Even in the highly technical word of health care, sometimes a patient just wants the emotional support of a simple conversation.
That was the case for third-grade teacher Ashley Marlow, who had just learned she was pregnant. Brimming with questions, she’d called around to a number of local obstetric practices, only to be told that she couldn’t be seen until she reached eight weeks. “I was super anxious,” she says. “I just wanted to talk to someone. I needed reassurance.”
That’s when she called her primary care provider, Milton Family Practice. They told her she could come in for a pregnancy test and a conversation about next steps.
At that appointment, Family Medicine physician Melisa Gibson, MD, explained that Marlow could receive all her pregnancy care there.
She felt as if she had come home.
“For someone like me, who’s a planner, that’s what I needed: someone to take the time to give me all the information. I thought, this is where I’m going to stay.”
Marlow went to Milton Family Practice every month throughout her pregnancy, and every two weeks in her final month. Her ultrasounds were conducted at University of Vermont Medical Center’s Main Campus in Burlington. She saw Dr. Gibson and David Reisman, MD, for all her appointments. “Every step of the way, it was a very personalized experience,” she says.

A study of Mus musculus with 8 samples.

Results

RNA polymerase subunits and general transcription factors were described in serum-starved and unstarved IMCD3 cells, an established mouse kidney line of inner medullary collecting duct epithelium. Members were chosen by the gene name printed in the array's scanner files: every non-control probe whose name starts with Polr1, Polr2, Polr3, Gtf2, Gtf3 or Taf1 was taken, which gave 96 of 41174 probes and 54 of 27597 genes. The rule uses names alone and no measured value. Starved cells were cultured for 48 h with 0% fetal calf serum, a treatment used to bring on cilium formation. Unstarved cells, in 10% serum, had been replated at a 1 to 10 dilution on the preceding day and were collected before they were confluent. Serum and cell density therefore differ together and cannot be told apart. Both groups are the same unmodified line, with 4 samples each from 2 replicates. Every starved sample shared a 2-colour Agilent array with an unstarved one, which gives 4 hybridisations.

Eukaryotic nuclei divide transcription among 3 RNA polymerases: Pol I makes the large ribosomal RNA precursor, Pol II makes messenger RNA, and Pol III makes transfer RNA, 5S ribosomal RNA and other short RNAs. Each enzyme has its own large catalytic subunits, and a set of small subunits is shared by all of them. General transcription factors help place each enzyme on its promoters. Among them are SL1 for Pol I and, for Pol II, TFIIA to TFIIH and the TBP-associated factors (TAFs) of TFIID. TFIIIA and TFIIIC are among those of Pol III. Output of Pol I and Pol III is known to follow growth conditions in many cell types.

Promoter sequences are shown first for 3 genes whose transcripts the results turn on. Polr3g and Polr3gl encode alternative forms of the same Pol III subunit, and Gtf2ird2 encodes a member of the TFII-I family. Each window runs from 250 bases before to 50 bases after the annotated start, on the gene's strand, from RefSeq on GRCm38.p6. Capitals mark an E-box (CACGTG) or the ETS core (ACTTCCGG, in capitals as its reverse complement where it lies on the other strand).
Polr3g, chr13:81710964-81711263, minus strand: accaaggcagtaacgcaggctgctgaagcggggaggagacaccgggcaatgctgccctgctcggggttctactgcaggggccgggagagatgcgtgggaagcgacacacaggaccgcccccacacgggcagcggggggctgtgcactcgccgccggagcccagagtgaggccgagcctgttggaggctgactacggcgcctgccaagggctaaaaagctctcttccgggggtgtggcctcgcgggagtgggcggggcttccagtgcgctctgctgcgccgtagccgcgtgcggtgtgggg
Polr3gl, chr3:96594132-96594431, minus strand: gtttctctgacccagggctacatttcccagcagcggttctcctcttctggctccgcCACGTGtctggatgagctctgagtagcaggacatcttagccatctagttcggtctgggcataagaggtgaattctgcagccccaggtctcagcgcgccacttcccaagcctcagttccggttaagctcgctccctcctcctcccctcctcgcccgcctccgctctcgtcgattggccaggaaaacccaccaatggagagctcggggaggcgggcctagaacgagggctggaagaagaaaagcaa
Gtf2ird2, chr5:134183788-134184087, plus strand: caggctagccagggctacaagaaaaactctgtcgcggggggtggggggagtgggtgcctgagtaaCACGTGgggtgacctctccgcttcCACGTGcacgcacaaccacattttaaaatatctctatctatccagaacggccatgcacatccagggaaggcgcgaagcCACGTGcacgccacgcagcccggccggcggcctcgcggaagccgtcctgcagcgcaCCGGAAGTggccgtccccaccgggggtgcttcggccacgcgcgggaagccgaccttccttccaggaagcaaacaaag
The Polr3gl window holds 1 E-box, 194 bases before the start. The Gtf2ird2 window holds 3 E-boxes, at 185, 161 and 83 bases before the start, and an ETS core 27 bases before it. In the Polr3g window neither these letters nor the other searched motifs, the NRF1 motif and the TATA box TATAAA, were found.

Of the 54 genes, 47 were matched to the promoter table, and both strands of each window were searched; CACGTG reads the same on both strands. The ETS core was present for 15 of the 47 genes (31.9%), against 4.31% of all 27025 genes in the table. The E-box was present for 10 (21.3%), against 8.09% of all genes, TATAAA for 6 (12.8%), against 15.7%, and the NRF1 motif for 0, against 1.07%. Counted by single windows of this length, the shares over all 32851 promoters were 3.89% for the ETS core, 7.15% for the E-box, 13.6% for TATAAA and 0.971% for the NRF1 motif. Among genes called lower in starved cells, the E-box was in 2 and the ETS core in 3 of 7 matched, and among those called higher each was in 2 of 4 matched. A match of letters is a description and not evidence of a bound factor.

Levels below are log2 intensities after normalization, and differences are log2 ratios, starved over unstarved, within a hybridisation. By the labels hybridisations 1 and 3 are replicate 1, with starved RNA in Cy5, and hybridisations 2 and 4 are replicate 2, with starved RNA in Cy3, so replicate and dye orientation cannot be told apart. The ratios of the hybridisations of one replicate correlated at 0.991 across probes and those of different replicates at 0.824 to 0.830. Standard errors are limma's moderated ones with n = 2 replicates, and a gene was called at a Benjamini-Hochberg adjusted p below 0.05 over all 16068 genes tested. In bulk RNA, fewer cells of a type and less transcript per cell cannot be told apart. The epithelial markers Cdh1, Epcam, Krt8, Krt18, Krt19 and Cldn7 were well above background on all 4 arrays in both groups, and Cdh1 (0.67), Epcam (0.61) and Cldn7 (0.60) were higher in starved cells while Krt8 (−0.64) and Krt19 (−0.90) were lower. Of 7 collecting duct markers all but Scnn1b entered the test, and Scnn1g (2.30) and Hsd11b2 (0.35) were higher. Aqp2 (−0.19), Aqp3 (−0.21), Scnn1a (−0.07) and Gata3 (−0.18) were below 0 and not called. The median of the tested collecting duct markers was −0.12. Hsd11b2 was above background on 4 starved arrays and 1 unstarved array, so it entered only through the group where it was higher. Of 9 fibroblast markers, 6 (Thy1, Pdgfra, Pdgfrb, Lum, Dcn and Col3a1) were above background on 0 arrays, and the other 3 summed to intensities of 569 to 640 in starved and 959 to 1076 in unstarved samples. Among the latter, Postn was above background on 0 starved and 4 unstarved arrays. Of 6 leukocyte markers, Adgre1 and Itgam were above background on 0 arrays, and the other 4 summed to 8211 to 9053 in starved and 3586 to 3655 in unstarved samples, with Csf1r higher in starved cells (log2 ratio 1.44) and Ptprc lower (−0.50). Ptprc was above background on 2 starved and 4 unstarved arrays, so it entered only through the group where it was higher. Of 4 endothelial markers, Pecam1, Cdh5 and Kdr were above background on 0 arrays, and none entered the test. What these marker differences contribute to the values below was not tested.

Along with that personal touch, constant learning was a part of each visit. With a medical student often in the room, Drs. Gibson and Reisman were always helping Marlow understand the different scenarios possible with any birth experience. “I always felt like we had a plan,” she says, “and I had an advocate.”
And so it was that on November 19, 2016, Drs. Gibson and Reisman both attended the long, unexpectedly difficult birth of Jack. And in those tender first few weeks, Marlow felt as cared for as her baby was. “The post-partum experience is a really hard time,” she says. “With Melisa and Dave, I was bringing my baby in for appointments, but they were asking me how I was doing, too.”
She felt free to talk about the challenges of new motherhood – the anxiety, the emotional highs and lows – and she says she would never have brought these feelings up if they hadn’t specifically asked her how she was doing.
And when Marlow gave birth to her second son, Charlie, three years later, Drs. Gibson and Reisman were again her doctors for the birth. Dr. Gibson even brought in doughnuts for Jack – in celebration of his new big-brother status.
“That’s the kind of people they are,” Marlow says. “I feel like I was totally supported throughout both pregnancies.”
If you or someone you know needs prenatal care or help with family planning, visit UVMHealth.org/FM-OB to find a Family Medicine obstetrics location near you.